Earlier this summer Nas, one of mainstream hip hop’s most critically acclaimed rappers, released a new album called Life is Good. Despite how long this Queens, New York-bred emcee has been in the rap game, his album was surprisingly relevant, debuting at #1 on the Billboard charts. This week, however, his “street cred” took a hit amid allegations that he used a ghostwriter for his 2008 Untitled album. For other artists (dare I say, most artists?), this wouldn’t be a big shock. But Nas is one of hip hop’s favorite sons and is believed to represent the pureness of poetic art form. So, everyone went crazy.
In hip hop culture, there are a few things you definitely don’t want to be called. A “snitch”, “soft and a “sellout” all come to mind as popular insults. But even deeper than the cosmetic name-calling, no one wants to be revealed as a fake. Having someone else write your rhymes is a tell-tale sign that you just don’t have the skills on your own to be original with your music. Now, that hasn’t deterred people from being fake; they just don’t want to be publicly exposed as phonies. This probably explains why most record labels have dozens of signed artists who never release albums but are just part of “the crew”. As they write lyrics for their superstar fellow artists, doesn’t anyone feel weird? Do any of those artists question why they’ll never get credit for verses that fans believe to be another man’s work? It’s sometimes mind-boggling trying to understand hip hop’s comfortable relationship with portraits of false identity. It seems that money and fame will be accepted in exchange for anything. Maybe the acceptability of ghostwriting is a result of hip hop’s migration to the “pop” arena, where lyrical integrity doesn’t matter as much. Or maybe it’s just symbolic of how most people, once they become famous, will do anything to stay famous. Either way, the idea of using a ghostwriter as a shortcut to greatness is sad and shouldn’t ever be accepted.
After hearing the allegations, these initial thoughts about Nas and authenticity were overshadowed by a line I remember hearing from a Propaganda poem. In the piece, he said, “I don’t condone ghostwriting unless it’s the Holy One.” It made me consider what this line has to say for the artists in our genre. As fans, we expect mainstream artists to write their own lyrics because artistic integrity is important. But are there other reasons that we expect them to do it all themselves? I think we want rappers to prove to us that they have what it takes. We want them to do it all on their own to validate that they are “man enough” to handle their business on their own. Of course, we should expect the truth from our Christian artists as well; but I believe our motivation should be completely different. Instead of proving how competent we are to handle things on our own, shouldn’t our work always point back to the One who “Ghost-writes” through us? Isn’t it our responsibility to lean on the Holy Spirit to write for us, speak through us and say what we are incapable of properly saying? And this isn’t just about rappers and artists; let’s apply this to our whole movement. What about producers, booking agents, authors, managers, businessmen, etc? No matter what our role is, isn’t it our responsibility to be dependent on the third person of the Trinity to take what we do to the next level? And let me take this one step further. Let’s include the fans in this. Don’t we realize that even how we comment on our favorite rapper’s social media posts is supposed to be reliant on the Spirit too? After all, Scripture does say that “In Him, we live and move and have our being.” (Acts 17). if we are rapping, writing, producing, contributing and commenting solely in our own strength as if we need no assistance, how are we any different from the false portrayals of the mainstream?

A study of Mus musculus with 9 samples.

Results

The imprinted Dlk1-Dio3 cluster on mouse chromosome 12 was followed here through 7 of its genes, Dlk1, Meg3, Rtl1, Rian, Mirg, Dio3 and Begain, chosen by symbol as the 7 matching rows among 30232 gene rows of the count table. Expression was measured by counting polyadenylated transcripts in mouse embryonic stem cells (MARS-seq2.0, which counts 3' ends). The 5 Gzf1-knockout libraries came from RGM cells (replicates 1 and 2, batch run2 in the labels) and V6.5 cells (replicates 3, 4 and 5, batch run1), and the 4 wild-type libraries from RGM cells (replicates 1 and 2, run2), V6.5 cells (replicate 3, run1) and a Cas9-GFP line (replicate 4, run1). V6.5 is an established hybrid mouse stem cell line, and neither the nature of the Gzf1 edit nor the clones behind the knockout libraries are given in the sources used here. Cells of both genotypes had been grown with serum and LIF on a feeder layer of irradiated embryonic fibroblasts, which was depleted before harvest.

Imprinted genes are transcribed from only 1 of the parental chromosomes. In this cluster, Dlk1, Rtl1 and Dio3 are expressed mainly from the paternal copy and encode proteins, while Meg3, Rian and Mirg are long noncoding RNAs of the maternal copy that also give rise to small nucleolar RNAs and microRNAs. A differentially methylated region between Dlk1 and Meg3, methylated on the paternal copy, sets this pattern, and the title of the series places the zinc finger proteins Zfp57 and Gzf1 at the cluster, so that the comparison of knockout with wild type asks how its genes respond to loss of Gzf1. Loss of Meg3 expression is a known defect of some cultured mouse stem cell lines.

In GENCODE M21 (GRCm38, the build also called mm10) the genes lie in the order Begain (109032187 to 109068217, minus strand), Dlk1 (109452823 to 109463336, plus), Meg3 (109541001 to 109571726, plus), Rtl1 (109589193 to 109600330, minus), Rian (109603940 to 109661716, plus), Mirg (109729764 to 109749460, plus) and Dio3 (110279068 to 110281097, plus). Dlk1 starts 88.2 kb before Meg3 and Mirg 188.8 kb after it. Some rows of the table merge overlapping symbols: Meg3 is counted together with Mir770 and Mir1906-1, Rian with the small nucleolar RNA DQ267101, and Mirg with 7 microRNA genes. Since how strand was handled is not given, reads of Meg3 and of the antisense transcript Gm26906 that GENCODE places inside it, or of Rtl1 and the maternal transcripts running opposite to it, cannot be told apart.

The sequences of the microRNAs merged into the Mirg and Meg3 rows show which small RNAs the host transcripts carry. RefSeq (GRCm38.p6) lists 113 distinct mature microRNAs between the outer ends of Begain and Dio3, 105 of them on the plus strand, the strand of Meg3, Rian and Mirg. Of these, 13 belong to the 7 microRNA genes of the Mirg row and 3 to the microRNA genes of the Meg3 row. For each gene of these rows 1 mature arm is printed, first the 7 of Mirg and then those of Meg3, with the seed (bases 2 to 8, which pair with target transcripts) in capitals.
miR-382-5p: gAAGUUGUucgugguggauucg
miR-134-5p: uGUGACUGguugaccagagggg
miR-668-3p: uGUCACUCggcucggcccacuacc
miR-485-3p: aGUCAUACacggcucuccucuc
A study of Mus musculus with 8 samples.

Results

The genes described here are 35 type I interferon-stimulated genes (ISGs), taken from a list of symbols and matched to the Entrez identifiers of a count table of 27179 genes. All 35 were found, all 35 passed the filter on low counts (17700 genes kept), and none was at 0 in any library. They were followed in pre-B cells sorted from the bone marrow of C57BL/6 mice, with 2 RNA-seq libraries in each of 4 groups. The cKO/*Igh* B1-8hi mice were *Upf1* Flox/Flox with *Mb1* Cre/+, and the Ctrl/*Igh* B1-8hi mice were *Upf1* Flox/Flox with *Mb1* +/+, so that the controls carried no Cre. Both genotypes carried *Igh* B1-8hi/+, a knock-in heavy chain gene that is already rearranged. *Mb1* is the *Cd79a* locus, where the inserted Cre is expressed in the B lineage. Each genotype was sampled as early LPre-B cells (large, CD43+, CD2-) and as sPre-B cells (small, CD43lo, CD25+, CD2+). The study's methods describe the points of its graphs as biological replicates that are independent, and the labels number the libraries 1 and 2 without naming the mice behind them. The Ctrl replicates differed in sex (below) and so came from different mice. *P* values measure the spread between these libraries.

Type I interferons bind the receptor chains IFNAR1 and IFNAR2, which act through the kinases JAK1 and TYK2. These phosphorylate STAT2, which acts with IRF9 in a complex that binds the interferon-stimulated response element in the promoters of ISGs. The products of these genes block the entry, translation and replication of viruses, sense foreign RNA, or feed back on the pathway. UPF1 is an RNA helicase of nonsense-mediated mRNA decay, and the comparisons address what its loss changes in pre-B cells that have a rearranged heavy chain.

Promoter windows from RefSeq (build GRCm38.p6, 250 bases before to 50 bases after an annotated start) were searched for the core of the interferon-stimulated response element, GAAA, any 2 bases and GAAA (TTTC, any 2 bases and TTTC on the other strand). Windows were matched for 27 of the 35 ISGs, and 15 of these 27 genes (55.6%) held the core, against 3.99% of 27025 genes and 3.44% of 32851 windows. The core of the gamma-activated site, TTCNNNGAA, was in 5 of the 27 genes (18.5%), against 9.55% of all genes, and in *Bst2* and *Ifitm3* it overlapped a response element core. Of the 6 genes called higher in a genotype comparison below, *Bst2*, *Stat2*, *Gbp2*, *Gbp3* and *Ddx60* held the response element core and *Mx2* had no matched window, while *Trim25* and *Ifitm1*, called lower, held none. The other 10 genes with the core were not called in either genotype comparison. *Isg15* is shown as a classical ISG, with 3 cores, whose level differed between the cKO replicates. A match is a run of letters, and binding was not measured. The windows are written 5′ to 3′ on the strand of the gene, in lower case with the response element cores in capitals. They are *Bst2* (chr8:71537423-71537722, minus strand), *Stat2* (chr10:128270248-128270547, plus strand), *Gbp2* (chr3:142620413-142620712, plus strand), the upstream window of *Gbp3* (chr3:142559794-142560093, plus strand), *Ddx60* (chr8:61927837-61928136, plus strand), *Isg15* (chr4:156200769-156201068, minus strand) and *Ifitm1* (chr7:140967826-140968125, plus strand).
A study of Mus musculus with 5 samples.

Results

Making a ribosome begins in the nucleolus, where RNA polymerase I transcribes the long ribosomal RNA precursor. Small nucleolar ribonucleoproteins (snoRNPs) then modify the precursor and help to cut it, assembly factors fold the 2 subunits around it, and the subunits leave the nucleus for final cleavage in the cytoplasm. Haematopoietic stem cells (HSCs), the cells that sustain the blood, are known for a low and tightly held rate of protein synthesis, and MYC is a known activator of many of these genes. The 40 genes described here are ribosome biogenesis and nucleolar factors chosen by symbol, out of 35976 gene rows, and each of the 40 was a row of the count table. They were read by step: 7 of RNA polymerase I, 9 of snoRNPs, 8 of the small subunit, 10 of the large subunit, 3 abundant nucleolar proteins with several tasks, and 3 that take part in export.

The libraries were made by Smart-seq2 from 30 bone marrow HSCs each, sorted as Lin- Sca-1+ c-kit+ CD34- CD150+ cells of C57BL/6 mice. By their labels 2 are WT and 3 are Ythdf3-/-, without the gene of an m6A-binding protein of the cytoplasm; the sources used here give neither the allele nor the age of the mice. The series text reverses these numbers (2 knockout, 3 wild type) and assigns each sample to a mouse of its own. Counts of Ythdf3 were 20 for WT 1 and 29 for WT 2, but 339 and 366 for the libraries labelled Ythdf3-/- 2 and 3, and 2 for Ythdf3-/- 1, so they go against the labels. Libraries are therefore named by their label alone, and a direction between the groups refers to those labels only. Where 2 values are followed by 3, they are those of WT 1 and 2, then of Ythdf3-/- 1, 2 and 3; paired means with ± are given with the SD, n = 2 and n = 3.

We have inspiration that comes from above and that should affect our work ethic, quality and standards for the better. 2 Peter 1 describes the authors of Scripture as being “moved by the Holy Ghost.” While I definitely don’t compare any of our work to the authority of Scripture, our reliance should be the same. I pray that everyone who is involved in this movement is regularly “moved by the Holy Ghost” and points to Someone behind their work. If you are a rapper, write lyrics with an excellence that provokes questions and demands change. If you are a businessman, do your work above and beyond the call of duty remembering that you’re doing it for more than a paycheck. And if you are a fan, please don’t be a shallow consumer and use free speech as excuse to post unwise comments. Allow yourself to be “moved” by One greater than yourself. While the mainstream argues if Nas or other artists have used lyrical ghostwriters, I pray it always shows that our “Ghost” has never stopped writing for us.